Now it is Loneliness who comes at night
Instead of Sleep, to sit beside my bed.
Like a tired child I lie and wait her tread,
I watch her softly blowing out the light.
Motionless sitting, neither left or right
She turns, and weary, weary droops her head.
She, too, is old; she, too, has fought the fight.
So, with the laurel she is garlanded.
Through the sad dark the slowly ebbing tide
Breaks on a barren shore, unsatisfied.
A strange wind flows… then silence. I am fain
To turn to Loneliness, to take her hand,
Cling to her, waiting, till the barren land
Fills with the dreadful monotone of rain
Alone in pain
A recent piece in The Conversation – The deadly truth about loneliness, triggered some thinking and research. The author Michelle Lim, a Clinical Psychologist, drew an analogy between loneliness and pain:
“From an evolutionary point of view, our reliance on social groups has ensured our survival as a species. Hence loneliness can be seen as a signal to connect with others. This makes it little different to hunger, thirst or physical pain, which signal the need to eat, drink or seek medical attention.” (emphasis added)
In drawing the analogy between pain, hunger, and thirst, there are echoes of the great Pat Wall’s thinking about these subjective experiences as “need states”, as well as some links to recent thinking (with acknowledged roots in Pat’s ideas) about pain as an “imperative” from Colin Klein. In language that readers of noijam would be familiar with, loneliness also fits easily within the notion of a “protective output”.
There are also links between loneliness and pain that evoke thoughts of DIMs and SIMs. As one of the seven categories of DIMs and SIMs, People in your life is often populated by, well, people – people that can either increase a sense of danger, or enhance a sense of safety for an individual. However it’s quite conceivable that the (perception of) absence of people and quality relationships in an individual’s life can be a very powerful DIM. There is evidence in the literature that suggests loneliness is a risk factor for the development of a concurrent pain, depression and fatigue ‘symptom cluster’ with a possible immunological basis, and recent evidence that suggests that chronic and transitory loneliness are associated with higher daily pain ratings in people diagnosed with fibromyalgia.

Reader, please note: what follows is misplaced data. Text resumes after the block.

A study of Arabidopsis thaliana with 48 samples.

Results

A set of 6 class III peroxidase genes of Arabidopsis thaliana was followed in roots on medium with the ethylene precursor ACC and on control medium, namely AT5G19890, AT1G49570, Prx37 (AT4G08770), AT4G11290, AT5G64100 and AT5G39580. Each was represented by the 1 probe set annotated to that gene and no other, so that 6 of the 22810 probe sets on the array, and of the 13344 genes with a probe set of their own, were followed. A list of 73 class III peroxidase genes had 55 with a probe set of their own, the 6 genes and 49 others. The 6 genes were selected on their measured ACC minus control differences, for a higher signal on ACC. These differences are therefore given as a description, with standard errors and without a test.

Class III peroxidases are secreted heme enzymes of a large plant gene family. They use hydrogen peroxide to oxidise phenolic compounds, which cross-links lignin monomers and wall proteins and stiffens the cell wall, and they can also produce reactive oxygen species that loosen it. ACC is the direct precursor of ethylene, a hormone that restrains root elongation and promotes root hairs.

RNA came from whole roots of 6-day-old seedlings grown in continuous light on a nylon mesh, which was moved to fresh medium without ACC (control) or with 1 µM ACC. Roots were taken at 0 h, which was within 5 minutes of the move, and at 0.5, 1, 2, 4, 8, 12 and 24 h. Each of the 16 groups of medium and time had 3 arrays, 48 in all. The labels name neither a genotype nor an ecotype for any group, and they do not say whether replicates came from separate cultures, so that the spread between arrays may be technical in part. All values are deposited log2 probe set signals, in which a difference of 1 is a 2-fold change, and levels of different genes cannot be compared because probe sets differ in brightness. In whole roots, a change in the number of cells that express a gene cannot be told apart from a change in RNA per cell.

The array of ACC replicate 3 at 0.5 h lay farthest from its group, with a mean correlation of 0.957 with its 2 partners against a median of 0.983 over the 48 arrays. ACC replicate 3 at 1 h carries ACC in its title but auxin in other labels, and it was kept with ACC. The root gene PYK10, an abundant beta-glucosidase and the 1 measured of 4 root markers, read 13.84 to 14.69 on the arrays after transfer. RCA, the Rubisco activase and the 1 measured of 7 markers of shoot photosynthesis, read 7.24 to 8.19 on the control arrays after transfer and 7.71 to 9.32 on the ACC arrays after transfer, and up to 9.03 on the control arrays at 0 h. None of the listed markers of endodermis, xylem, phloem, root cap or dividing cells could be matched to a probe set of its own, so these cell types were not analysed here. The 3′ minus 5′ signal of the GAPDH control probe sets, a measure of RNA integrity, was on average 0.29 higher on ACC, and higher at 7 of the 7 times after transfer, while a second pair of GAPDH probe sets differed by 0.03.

What to do?
The poets may be ahead of the science here. The theme of loneliness infuses hundreds of verses from the great poets, and poetry (as a creative pursuit!) has helped many to understand and express their feelings of loneliness. One of the more famous poems on loneliness was penned by William Wordsworth:
I Wandered Lonely as a Cloud
The author Kurt Vonnegut also had an idea, in Palm Sunday: An Autobiographical Collage he wrote
“What should young people do with their lives today? Many things, obviously. But the most daring thing is to create stable communities in which the terrible disease of loneliness can be cured.”
If loneliness is a DIM (of course it is), then Vonnegut’s “most daring thing” suggests a powerful role for Society* in the ‘treatment’ of both loneliness and pain. But there are strategies that can be developed in the clinic too – just identifying loneliness as a DIM could be a start, and clinicians can help patients find greater quality in relationships, or recognise the need to do so and refer on, depending on their particular expertise.
One final thought – how many patients have found a ‘solution’ to their loneliness in a clinician? What moral and ethical issues might this raise?
*This of course is the “S” in the BPS model. Despite the increasing proliferation of the strawman argument that the BPS model calls for a rejection of consideration of the “bio” (how anyone came to this conclusion when there is a Big Bloody “B” at the Beginning of the name is anyone’s guess) the links between loneliness and pain/health surely reinforce the validity of treating a whole human being, whatever label one wants to give to this approach!